Former German Chancellor Gerhard Schröder had formally expressed a wish to attend the memorial service for French ex-president Jacques Chirac, yet his invitation request was rejected writes Spiegel.
The reason for the snub may have been a misunderstanding, says the publication.
At the same time, Spiegel writes that the German politician had intended to attend the ceremony, without an official invitation.
A place for Schroeder was reportedly reserved at the church where the farewell ceremony took place.
Russian President Vladimir Putin, French President Emmanuel Macron, Germany's Frank-Walter Steinmeier, Hungarian Prime Minister Viktor Orban and the outgoing head of the European Commission Jean-Claude Juncker are just some of those who arrived in the French capital to pay their last respects to Chirac, as well as former dignitaries who worked closely with France’s ex-president.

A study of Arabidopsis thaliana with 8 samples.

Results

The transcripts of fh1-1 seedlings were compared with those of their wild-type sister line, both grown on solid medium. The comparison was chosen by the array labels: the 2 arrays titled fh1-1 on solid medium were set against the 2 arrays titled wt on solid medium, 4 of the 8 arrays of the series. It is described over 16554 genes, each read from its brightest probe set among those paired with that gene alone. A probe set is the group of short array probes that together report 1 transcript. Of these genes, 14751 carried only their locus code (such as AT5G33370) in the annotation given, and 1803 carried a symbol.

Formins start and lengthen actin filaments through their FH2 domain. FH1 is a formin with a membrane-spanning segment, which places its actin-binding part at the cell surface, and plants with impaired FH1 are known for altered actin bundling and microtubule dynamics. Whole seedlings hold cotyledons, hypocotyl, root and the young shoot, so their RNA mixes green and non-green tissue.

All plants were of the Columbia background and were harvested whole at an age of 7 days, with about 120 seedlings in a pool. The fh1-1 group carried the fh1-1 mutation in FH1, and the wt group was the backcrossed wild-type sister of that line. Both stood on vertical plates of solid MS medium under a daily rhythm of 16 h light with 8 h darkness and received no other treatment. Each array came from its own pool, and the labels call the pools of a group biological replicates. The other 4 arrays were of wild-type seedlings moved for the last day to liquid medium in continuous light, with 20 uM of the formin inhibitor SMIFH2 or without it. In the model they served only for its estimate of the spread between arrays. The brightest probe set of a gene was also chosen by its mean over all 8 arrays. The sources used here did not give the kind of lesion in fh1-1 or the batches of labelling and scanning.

Jacques Chirac died on 26 September at the age of 86.
The former statesman served as president of France from 1995 to 2007, during a political career that spanned four decades.
Monday was declared a national day of mourning, with a minute's silence held in schools and public buildings across the country.
Following a private family service, French armed forces gave Chirac military honours at the Invalides military hospital, with the coffin proceeding to the Saint Sulpice church for a midday memorial ceremony attended by French President Emmanuel Macron and some 30 other heads of state and government leaders.
Chirac was buried at the Montparnasse cemetery in Paris, near his daughter.